I love mussels but have a hard time ordering them from a fancy restaurant for $22 when I know I can feed four adults for the same amount when I make them myself.
In 2011 I met a friend at a wine bar in Austin, and we shared a bowl of mussels in a white wine sauce topped with french fries and a dollop of herby hollandaise sauce. It was my introduction to mussels, and it was spectacular. I have since made mussels with varying flavor profiles, but my favorite is this tried and true recipe highlighting good white wine, garlic and lemon.
2 T olive oil (California Olive Ranch, Extra Virgin Olive Oil)
2 T butter (salted sweet cream)
1-2 shallots, minced (1/2 cup)
3 garlic cloves, minced (okay, I usually add like 5 minced cloves)
2 pounds mussels
1 c chicken stock (made with Better than Bouillon)
1 c white wine (Kendall Jackson, La Crema, Alpha Omega II, Bogle, BV, Rombauer, Paju, Jordon, Rodney Strong)
14 ounce can diced tomatoes (I like the fire roasted)
3 T whipping cream
2 T chopped parsley
Zest of one lemon
Juice of one lemon
salt and pepper to taste
Crusty bread for serving or other accoutrement
Buying and Prepping the Mussels
When you buy mussels from the fish counter, they are sold to you alive. The fishmonger should loosely wrap these in paper and place inside an open plastic bag with ice. You need them to stay cold and also be able to breathe. Expect to pay around $6 per pound and feed two people per pound. That is an inexpensive meal if you ask me.
Mussels tend to hold grit and dirt in their shells, so you first need to clean them before you cook them. Fill the sink with cold water and then submerge the mesh bags. One by one scrubbed the outside of each mussel with a soft bristle brush like the one you would use to clean a potato, checking for cracked, chipped or open mussels to discard. If it's open, you can tap it on the counter or thump it and if the mussel is still alive, it will close up. If the mussel remains open, you should toss it.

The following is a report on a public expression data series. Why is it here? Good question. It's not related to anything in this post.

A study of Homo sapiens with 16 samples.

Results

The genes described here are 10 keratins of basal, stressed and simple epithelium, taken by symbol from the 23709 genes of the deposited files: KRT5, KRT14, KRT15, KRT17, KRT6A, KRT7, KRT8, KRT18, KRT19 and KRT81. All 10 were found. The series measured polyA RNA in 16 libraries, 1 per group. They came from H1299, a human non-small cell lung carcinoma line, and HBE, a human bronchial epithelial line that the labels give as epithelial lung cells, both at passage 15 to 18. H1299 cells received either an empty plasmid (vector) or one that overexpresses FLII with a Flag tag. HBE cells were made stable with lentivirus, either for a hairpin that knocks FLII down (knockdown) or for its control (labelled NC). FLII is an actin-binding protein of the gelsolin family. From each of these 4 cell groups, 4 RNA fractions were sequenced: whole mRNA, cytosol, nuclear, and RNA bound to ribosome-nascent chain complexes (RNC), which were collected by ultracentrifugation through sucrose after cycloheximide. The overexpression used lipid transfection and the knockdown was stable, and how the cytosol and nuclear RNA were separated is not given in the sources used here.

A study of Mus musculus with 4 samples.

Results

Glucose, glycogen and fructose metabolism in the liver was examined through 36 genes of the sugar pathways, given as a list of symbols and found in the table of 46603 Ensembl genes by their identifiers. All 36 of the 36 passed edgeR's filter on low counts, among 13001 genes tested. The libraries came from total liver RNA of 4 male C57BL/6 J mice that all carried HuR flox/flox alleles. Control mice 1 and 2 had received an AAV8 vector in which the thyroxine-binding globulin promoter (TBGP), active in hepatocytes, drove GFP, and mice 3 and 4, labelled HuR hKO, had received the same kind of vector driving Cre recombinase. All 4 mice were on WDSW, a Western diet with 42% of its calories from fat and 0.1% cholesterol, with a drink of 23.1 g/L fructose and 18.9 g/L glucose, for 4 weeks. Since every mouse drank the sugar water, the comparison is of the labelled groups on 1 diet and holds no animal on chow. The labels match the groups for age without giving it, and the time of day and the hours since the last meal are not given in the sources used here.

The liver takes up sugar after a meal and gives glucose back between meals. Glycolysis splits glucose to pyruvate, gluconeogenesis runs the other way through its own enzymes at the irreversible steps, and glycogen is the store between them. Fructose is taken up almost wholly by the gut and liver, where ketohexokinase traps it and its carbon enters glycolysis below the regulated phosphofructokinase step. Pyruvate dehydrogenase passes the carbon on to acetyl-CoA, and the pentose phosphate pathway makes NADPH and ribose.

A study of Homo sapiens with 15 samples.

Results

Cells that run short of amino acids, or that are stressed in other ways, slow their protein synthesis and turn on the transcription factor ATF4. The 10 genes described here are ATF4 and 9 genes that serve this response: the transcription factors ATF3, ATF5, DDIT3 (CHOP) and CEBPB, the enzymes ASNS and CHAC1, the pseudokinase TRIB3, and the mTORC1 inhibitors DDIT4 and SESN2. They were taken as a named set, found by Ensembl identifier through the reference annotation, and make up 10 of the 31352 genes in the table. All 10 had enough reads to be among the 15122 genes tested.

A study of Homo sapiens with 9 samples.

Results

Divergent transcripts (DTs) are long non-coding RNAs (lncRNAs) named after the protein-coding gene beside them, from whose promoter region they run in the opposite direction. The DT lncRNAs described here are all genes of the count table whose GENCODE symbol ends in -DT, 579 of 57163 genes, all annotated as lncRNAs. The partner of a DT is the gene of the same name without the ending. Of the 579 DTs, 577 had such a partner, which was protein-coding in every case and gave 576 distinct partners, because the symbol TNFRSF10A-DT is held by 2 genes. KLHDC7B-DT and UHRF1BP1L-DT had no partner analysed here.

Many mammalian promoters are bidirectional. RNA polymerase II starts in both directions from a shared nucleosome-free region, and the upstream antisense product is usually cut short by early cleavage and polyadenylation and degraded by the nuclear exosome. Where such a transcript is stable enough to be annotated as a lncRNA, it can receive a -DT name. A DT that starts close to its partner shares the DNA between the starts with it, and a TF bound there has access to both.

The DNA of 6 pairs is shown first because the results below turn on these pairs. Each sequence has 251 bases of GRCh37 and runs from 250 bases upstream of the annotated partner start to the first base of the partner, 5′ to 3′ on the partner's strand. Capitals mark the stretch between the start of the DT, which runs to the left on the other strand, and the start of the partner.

To give you an idea of how often this occurred, we purchased six pounds (three 2 lb bags) and tossed about 15 mussels.
The other thing you should look for when you are cleaning these little guys are strings hanging off. They are called "beards" and should be torn off by pulling the string towards the hinge of the mussel.
One last trick to get your mussels squeaky clean is to stir a handful of flour into a bowl of clean water. As you scrub each mussel, add it to the flour water, and this helps the mussels expel the sand and grit inside their shell. After 20 minutes, rinse the mussels in a bowl of clean water. Farm raised mussels will have considerably less sand and grit as mussels from the sea.
Creating the Broth
This is where the magic happens. This broth is very important because it will cook and steam the mussels and will also be poured over the mussels to serve, providing a rich sauce for dipping bread.
In a heavy bottomed dutch oven, add two tablespoons of olive oil and an equal amount of butter. When it has melted over medium heat, add 1/2 cup of minced shallots and three minced garlic cloves. Stir this around until fragrant, about two minutes.
Add one cup of chicken stock, diced tomatoes and anywhere from 1-2 cups of good white wine. "Good" wine refers to a bottle that you would also drink on its own.
Cooking the mussels
Bring the broth to a boil, and then add the drained mussels, close the lid tightly and let it boil/steam for five minutes.
After five minutes, stir the mussels around in the sauce, add a splash of cream, two tablespoons of chopped parsley, the zest of a lemon, the juice of the lemon, salt, and pepper to taste. Cover again and let this cook for one more minute, then turn the burner off.
Pour the mussels and all the broth into a wide shallow bowl so guests can serve themselves or eat family style (my preference). Provide an empty bowl to discard shells.
A must for your mussels feast is a lovely white wine and a big loaf of crusty bread. Alternatively you could serve shoestring french fries and aioli dipping sauce, or boil fettuccine and toss the hot pasta in the broth, ladling the mussels on top of individual bowls.